It took Amanda Ogle, a homeless woman living out of her 1991 Toyota Camry, over a year to get her car back from Lincoln Towing of Seattle, which towed it from the parking lot it was left in after being stolen from her. Two court orders and a $21,634 bill later, she’s still fighting the company over damages.
Ogle’s story emerged by way of the Seattle Times, which published an article about her year from hell this week. Ogle reported her car stolen from North Seattle in October of 2017. Luckily, it was located just a day later—it had been parked in the lot of an apartment building and then towed by a company called Dick’s Towing, as the Times reports.
But Ogle’s troubles didn’t end there. Dick’s Towing, despite knowing she was homeless and that the car had been stolen from her, billed her $427, which she couldn’t afford, per the Times. Instead, Dick’s Towing offered her a form to challenge the tow in King County District Court, presumably shortly after realizing she wouldn’t get her car back.
But when the court date came up, Ogle, representing herself, was the only one to show. The judge ordered the car be returned to her, but there was a jarring catch: the form Ogle had filed with the court had the towing address down as Lincoln Towing of Seattle, a sister company of Dick’s Towing. The towing company made the claim that it wasn’t notified of the court hearing.
That’s when it got even worse for Ogle, via the Seattle Times:
It turns out the towing company had already sold off Ogle’s car—for a measly $175.
“So I win a court order on my own, but I still lose,” Ogle recalls thinking at the time. “I almost gave up right there. I might have, if they had ever just called and said they were sorry or something.”
But the company didn’t apologize. Ogle went to the Northwest Consumer Law Center, which was formed specifically to help low or no income people like Ogle with consumer problems. Ogle’s attorney approached Lincoln Towing with the judge’s order, but the company only agreed to return her car if she dropped any claims on damages. From the Times’ report:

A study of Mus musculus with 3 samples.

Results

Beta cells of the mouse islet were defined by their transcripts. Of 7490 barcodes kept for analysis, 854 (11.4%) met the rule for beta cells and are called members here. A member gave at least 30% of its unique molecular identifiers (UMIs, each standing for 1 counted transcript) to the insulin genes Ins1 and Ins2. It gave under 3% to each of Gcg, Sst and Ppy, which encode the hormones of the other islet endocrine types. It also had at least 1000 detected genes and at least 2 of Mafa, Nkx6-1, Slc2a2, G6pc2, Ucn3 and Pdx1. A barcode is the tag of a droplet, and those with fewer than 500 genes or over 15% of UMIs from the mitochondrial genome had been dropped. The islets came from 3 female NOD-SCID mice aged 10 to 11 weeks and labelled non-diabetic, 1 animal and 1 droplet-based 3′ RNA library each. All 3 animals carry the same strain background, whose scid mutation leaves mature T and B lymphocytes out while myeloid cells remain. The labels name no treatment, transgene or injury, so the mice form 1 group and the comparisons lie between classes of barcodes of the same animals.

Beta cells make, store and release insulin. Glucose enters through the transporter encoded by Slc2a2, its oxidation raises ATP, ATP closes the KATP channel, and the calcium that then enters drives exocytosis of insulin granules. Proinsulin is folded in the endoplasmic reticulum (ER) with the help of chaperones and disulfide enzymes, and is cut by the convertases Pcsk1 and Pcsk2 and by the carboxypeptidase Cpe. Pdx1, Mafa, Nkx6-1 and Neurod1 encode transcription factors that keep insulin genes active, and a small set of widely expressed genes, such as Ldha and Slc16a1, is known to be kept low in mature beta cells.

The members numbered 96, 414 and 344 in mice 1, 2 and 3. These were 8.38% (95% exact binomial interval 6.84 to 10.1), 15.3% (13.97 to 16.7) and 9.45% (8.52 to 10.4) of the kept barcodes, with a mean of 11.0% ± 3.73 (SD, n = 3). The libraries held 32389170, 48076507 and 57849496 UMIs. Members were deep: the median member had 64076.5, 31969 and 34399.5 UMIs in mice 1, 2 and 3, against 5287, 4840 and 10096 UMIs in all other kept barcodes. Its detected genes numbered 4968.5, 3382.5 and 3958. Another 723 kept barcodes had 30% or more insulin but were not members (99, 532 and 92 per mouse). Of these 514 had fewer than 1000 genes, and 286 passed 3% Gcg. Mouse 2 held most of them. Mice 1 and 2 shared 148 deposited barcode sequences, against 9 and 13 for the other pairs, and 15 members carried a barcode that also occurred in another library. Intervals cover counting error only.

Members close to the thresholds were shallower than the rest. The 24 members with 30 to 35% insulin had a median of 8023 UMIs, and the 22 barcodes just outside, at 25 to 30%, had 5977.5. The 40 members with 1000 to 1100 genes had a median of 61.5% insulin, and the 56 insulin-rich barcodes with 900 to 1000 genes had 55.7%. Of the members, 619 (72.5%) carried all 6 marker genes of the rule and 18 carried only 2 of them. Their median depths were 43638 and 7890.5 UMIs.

“So basically they were using the car as leverage to get out of any liability,” Kevin Eggers said. “The car is Amanda’s home, and it was the middle of winter. But to them it’s a bargaining chip.”
Lincoln then played tow-company hardball. The company started gouging her $75 per day to store the car. That’s $2,300 per month—enough to rent the 27-year-old car its own apartment with granite countertops in a downtown high-rise. By Monday, the bill, with tax, had reached $21,634.
Ogle went in front of a second judge. Lincoln Towing argued that it had gone to great lengths to return Ogle’s car, referring to an offer of $1,000 a few months prior for her to drop her lawsuit. But the new judge saw through the bullshit. Citing the previous court order that Lincoln Towing had ignored for over a year, the judge ordered that, “for every calendar day Lincoln Towing does not return the vehicle, Lincoln Towing will forfeit a sum of two-thousand dollars to the court.”
That got results, via the Times:
Message delivered, as Lincoln released the car that afternoon (though not the title). The two sides will continue to battle about damages in court, the title and that outrageous $21,634 bill. But Ogle said she feels like a lost year of her life has been found.
“I drove down the freeway, with the windows open, saying ‘I’m free! I’m finally free,’ ” she said.
It’s stupid that Ogle still has to fight for the title to the car in court, concerns over damages aside, and illustrates how the system can trap someone in poverty. Here’s hoping everything works out for her.